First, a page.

When it comes to choosing a kitchen sink, there are a lot of options out there – from traditional porcelain and fireclay to modern composite stone. But personally I’ve always had a soft spot for stainless steel kitchen sinks. Though they’re often dismissed as a budget or utilitarian option (and some are certainly better made than others), they really are great workhorses, able to stand up to heavy use and abuse while still looking beautiful.
Why Choose Steel?
If you’ve ever rented an apartment or house, chances are good that you’ve had a stainless steel kitchen sink, but it’s worth noting that this isn’t because the sinks are inexpensive, it’s because they’re durable. Most other types of sinks come with at least one major flaw: they’re prone to chipping or pitting, staining or discoloring, or even losing their finish if exposed to certain kinds of food, liquid, or cleaners. But steel sinks are inert, easy to clean, and won’t be damaged by almost anything you leave on them. Well made steel sinks are also hard to damage or dent because the steel is too thick, and while the surface of steel sinks are prone to scratching, these marks build a pleasing patina of age rather than making the sink look damaged.
The Basic Top-Mount Sink
Now, if the stainless steel kitchen sinks you’ve seen were in an apartment or dorm, chances are it was a pretty boring, basic drop-in model with a rim around the edge that sat above the level of the counter. Now I’ll admit that typically this style sink is installed for budget reasons. Drop in sinks are the fastest and easiest to install, and require the last modifications: you simply set the sink in the hole in the counter top and you’re good to go. But while a lot of drop-in sinks are designed with convenience rather than aesthetics in mind (with rounded edges and corners that are easy to clean but not so easy on the eyes), increasingly there are sleeker, more contemporary designs that combine the best of both worlds. That said, keep in mind that drop in sinks will always have a rim around the edge where water and grime can accumulate, making them a little bit harder to clean.
Stylish Undermount Sinks
Far and away the most common designer stainless steel kitchen sinks, though, are mounted to the underside of the kitchen counter rather than sitting on top of it. This makes for a cleaner, more seamless installation, and the sinks themselves often have crisper, more contemporary lines and angles. Combined with the inherent industrial feel of stainless steel, this makes them a great option for a modern kitchen, as the seamless look helps contribute to an unbroken, minimalist counter top. That said, you’ll need to make sure the opening in your counter is an exact match for the sink, which can make this style sink more difficult to install or replace.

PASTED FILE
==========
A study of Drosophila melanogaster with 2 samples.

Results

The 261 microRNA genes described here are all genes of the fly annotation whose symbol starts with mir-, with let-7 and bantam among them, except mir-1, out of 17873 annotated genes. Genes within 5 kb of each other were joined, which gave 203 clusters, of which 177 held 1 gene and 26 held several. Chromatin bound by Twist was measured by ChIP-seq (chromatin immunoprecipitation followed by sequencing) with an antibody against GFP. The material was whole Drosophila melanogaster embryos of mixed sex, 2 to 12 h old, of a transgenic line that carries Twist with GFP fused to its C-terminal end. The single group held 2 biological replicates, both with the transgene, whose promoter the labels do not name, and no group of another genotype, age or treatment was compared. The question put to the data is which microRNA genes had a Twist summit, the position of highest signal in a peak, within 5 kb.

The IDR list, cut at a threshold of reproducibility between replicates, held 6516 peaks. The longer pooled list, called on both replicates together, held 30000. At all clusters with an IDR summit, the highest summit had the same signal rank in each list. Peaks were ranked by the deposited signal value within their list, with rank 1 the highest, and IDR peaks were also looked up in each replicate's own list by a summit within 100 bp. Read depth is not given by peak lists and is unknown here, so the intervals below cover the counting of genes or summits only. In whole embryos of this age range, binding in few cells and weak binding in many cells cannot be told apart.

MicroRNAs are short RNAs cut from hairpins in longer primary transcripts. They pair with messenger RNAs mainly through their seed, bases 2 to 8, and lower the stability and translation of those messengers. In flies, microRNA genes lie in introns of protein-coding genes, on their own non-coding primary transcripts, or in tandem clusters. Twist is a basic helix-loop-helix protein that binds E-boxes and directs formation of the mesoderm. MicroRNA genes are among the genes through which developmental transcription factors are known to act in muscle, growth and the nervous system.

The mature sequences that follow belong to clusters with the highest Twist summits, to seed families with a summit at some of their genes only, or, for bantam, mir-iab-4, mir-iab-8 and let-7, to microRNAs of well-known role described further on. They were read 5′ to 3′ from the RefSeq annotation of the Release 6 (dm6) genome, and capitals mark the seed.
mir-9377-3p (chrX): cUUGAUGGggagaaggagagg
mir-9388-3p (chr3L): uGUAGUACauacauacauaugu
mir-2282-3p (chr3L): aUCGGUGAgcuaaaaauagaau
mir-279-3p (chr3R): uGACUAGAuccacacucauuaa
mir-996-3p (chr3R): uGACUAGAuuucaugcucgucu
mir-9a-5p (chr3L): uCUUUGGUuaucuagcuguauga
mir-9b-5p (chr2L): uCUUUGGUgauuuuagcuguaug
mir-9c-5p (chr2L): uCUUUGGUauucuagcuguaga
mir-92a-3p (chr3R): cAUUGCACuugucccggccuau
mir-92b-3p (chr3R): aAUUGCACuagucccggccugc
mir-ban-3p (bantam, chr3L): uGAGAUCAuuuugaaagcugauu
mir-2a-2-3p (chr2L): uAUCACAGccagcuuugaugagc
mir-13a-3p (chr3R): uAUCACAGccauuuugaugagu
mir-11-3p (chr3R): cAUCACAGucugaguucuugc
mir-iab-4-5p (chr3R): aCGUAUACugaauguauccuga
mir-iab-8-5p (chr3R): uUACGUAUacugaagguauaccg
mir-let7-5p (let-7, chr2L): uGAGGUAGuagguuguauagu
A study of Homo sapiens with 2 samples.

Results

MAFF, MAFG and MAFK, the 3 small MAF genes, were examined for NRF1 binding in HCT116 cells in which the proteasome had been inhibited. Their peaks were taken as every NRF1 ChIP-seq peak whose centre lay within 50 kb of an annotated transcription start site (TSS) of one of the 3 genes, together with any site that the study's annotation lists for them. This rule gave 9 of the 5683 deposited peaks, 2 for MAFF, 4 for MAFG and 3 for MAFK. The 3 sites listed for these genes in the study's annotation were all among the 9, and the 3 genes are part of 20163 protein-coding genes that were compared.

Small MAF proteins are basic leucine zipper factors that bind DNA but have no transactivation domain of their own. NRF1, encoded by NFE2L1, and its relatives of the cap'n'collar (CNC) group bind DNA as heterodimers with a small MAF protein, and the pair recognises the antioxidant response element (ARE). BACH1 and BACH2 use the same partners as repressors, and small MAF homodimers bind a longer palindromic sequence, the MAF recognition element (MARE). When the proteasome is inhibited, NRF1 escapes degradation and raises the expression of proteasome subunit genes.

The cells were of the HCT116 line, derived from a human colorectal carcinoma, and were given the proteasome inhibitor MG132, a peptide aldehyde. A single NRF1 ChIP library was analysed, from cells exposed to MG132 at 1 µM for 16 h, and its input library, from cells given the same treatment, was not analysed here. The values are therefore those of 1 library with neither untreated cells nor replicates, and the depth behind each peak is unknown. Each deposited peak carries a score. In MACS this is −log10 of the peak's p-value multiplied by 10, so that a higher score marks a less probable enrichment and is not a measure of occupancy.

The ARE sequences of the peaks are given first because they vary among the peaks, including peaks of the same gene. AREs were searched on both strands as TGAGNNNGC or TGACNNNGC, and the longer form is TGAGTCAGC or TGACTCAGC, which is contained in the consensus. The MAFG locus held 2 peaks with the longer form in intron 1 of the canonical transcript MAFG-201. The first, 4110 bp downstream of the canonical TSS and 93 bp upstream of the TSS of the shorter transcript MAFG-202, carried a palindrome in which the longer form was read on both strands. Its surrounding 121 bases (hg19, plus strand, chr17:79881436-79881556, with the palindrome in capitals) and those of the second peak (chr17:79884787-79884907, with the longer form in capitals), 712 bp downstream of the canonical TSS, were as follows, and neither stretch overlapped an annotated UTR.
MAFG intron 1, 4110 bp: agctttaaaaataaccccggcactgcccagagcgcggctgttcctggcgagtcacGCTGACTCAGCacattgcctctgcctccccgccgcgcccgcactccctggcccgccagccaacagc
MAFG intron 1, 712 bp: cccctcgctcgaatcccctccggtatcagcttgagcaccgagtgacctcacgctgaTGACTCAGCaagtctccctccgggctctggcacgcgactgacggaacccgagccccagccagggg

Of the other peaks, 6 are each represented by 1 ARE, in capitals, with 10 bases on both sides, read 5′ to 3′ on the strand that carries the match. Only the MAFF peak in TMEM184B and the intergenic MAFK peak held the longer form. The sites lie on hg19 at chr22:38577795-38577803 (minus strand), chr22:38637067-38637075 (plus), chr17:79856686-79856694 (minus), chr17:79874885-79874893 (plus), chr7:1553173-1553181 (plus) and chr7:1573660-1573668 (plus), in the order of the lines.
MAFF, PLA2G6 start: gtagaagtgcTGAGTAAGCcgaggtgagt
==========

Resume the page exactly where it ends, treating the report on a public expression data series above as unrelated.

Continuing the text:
Sleek, Transitional Apron Sinks
Stainless steel kitchen sinks tend to skew more towards the modern, but that isn’t always the case. Stainless steel apron sinks (which is a style usually reserved for farmhouse-style porcelain or fireclay sinks) have started to become more popular in recent years, offering a slightly more traditional twist on the average industrial steel sink. Of course, these sinks do still have a more modern feel than, say, an embossed copper apron sink, but with the recent trend towards more transitional styled kitchens (and the huge popularity of silver and gray tones in kitchen design lately), a nice brushed steel apron sink can beautifully round out the look, with a soft silvery color and a traditional design, but a slightly more contemporary feel.
More than most other types of sinks, stainless steel kitchen sinks tend to come paired with a variety of accessories, from fairly basic basin racks and sink grids to keep food and dishes up off the bottom of the sink, to more unique features like colanders, cutting boards, drain boards, drain strainers, and even matching soap dispensers. In part, this is because having a lot of metal add-ons doesn’t run the same risk of damaging a steel sink as it would a porcelain one, but also because the minimalist, squared design of many steel sinks lends itself well to modular add-ons that rest on the rim of the sink and can slide along the edges of it as needed. And because they do tend to be a more budget-friendly option, many stainless steel kitchen sinks also come paired with matching faucets, too.
What To Look For
The most important thing to keep in mind when shopping for a stainless steel kitchen sink, no matter what the style, is that the quality of the sink depends almost entirely on the thickness of the steel. This is listed as the “gauge” of the sink, and as a rule of thumb, a lower number is always better, with 16-18 being ideal, while a sink in the neighborhood of 22 will be noisy to use, prone to denting, and generally a little flimsy. Noise-dampening coating or padding on the underside of the sink can also make the sink more pleasant to use, and prevent condensation from forming on the under side of your sink and dripping into your cabinets.
Stainless steel kitchen sinks are often treated as an introductory level sink, but if you invest in one with a little style and a solid construction, a good steel sink can easily last you a lifetime, without a lot of the muss or fuss of other common materials.